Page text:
Apis (//; Ancient Greek: Ἄπις) is the name of a figure, or several figures, appearing in the earliest antiquity according to Greek mythology and historiography. It is uncertain exactly how many figures of the name Apis are to be distinguished, particularly due to variation of their genealogies. A common element is that an Apis was an early king in the Peloponnesus that had a territory named after himself, and that Apis was often, but not always, ascribed an Egyptian origin. For the sake of convenience, the variant myths are presented here as if they dealt with separate characters.
- Apis, king of Argos. He was a son of Phoroneus by the nymph Teledice, and brother of Niobe. During his reign he established a tyrannical government and called the Peloponnesus after his own name Apia, but was eventually killed in a conspiracy headed by Thelxion, king of Sparta, and Telchis.
- Apis, king of Sicyon appears in a Sicyonian genealogical myth. Briefly, he belonged to a legacy of primeval kings of Sicyon which is as follows: Aegialeus - Europs - Telchis - Apis - Thelxion - Agyreus - Thurimachus - Leucippus. Like the Argive Apis, he too was said to have had Peloponnesus named Apia after him.
- Apis, according to Aeschylus was a healer and a son of Apollo. In The Suppliants, the Argive king Pelasgus, son of Palaechthon, relates that Apis once came from Naupactus and freed Argos from throngs of snakes, which "Earth, defiled by the pollution of bloody deeds of old, had caused to spring up" and plague the country. Apis "worked the cure by sorcery and spells to the content of the Argive land". To commemorate his deed, the relieved territory was thenceforth referred to as "the Apian land" (Apia khōra) after his name. Note that "the Apian land" appears to comprise not just Argos: Pelasgus describes his kingdom as stretching so far as the northernmost boundaries of Greece, and comprising the territories of Paeonia and Dodona.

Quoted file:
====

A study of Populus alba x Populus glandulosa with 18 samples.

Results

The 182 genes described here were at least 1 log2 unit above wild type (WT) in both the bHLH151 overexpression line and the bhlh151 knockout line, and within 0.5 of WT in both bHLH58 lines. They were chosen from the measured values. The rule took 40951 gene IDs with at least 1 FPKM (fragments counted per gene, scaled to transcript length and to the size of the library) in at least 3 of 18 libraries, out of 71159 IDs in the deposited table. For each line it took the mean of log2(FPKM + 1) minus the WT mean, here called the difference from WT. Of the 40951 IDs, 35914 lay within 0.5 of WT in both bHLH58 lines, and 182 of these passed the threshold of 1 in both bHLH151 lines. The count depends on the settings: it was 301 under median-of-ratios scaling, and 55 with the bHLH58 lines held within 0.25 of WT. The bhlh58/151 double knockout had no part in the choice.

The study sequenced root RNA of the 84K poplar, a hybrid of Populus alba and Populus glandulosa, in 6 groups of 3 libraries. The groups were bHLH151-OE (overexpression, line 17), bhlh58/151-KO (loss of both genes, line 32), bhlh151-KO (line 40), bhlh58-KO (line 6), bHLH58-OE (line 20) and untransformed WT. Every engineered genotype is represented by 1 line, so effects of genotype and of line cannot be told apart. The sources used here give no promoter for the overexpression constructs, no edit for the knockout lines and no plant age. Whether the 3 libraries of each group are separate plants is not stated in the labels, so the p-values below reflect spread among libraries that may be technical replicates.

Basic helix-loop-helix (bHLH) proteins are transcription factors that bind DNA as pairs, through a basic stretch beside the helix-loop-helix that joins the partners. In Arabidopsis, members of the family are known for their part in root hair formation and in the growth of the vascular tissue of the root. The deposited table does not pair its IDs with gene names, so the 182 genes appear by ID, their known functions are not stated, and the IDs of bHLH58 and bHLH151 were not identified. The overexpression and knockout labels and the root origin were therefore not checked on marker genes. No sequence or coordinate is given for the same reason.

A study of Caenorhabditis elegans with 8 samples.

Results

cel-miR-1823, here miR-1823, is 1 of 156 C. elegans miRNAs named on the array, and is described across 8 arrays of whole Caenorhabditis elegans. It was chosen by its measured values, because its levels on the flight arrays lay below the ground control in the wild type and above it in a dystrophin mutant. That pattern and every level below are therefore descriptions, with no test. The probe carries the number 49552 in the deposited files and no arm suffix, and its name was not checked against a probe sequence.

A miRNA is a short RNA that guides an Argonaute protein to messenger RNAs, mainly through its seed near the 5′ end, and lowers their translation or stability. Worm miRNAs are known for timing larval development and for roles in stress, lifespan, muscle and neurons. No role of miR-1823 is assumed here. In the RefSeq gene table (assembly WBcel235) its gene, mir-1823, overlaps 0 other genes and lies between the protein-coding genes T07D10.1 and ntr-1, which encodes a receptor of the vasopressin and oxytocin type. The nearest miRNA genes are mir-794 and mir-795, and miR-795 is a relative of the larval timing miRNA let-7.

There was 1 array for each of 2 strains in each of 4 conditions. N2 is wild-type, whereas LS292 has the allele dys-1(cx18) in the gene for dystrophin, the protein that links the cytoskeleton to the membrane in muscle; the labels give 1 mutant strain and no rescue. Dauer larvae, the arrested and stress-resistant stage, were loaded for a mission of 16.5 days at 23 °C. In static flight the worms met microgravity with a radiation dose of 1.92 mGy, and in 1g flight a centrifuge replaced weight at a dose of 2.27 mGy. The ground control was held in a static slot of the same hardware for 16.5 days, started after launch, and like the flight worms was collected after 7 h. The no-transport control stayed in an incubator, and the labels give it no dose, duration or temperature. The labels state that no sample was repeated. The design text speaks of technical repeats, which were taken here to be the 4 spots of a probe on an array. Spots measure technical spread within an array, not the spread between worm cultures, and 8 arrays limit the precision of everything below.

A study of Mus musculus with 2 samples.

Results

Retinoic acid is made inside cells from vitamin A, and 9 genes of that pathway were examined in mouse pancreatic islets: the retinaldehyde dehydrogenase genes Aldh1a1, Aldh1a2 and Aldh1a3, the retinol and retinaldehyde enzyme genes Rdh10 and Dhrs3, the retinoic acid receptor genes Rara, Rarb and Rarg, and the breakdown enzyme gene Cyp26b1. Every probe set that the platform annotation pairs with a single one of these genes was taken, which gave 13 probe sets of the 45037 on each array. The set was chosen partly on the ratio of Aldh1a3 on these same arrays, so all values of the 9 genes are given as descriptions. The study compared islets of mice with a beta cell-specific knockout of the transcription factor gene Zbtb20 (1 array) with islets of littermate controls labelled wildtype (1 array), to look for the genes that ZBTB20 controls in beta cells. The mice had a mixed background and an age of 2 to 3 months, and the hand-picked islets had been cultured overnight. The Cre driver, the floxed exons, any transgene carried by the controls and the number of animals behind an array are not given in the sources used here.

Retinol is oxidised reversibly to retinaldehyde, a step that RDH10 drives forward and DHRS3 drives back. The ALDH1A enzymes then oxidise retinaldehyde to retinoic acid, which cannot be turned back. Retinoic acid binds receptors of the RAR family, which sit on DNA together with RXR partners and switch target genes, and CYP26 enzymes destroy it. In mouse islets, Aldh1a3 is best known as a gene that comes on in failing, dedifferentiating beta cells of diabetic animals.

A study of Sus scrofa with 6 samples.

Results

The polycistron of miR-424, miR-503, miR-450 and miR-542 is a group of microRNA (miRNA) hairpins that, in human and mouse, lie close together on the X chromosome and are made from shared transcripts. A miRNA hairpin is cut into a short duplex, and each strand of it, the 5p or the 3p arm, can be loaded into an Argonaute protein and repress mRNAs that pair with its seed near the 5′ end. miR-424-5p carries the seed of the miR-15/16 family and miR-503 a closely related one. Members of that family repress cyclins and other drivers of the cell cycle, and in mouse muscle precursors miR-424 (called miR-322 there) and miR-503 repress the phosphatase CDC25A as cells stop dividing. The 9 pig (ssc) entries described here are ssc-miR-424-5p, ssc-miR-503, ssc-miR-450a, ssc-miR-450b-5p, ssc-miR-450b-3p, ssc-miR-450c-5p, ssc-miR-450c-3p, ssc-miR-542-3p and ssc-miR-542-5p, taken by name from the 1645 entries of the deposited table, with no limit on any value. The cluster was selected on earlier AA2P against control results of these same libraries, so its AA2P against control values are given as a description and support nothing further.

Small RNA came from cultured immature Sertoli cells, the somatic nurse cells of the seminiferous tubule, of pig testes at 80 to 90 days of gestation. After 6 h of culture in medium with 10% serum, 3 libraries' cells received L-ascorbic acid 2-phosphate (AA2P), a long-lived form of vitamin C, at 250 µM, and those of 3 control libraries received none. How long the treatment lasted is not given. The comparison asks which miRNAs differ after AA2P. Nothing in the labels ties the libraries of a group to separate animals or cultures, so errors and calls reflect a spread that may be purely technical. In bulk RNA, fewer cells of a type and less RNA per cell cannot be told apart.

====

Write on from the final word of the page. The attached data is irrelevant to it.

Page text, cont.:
- Apis, son of Jason. He was a native of Pallantium, Arcadia. He participated in the funeral games of Azan and was accidentally killed by Aetolus, who ran him over with the chariot. For the murder, Aetolus was sent into exile by the children of Apis. Apollodorus relates the same of Apis, son of Phoroneus, apparently confounding the two mythological namesakes.
- Aeschylus, translated in two volumes. 2. Suppliant Women by Herbert Weir Smyth, Ph. D. Cambridge, MA. Harvard University Press. 1926. Online version at the Perseus Digital Library. Greek text available from the same website.
- Pseudo-Apollodorus, The Library with an English Translation by Sir James George Frazer, F.B.A., F.R.S. in 2 Volumes, Cambridge, MA, Harvard University Press; London, William Heinemann Ltd. 1921. Online version at the Perseus Digital Library. Greek text available from the same website.
- Pausanias, Description of Greece with an English Translation by W.H.S. Jones, Litt.D., and H.A. Ormerod, M.A., in 4 Volumes. Cambridge, MA, Harvard University Press; London, William Heinemann Ltd. 1918. Online version at the Perseus Digital Library
- Pausanias, Graeciae Descriptio. 3 vols. Leipzig, Teubner. 1903. Greek text available at the Perseus Digital Library.
This article incorporates text from a publication now in the public domain: Smith, William, ed. (1870). "Apis". Dictionary of Greek and Roman Biography and Mythology.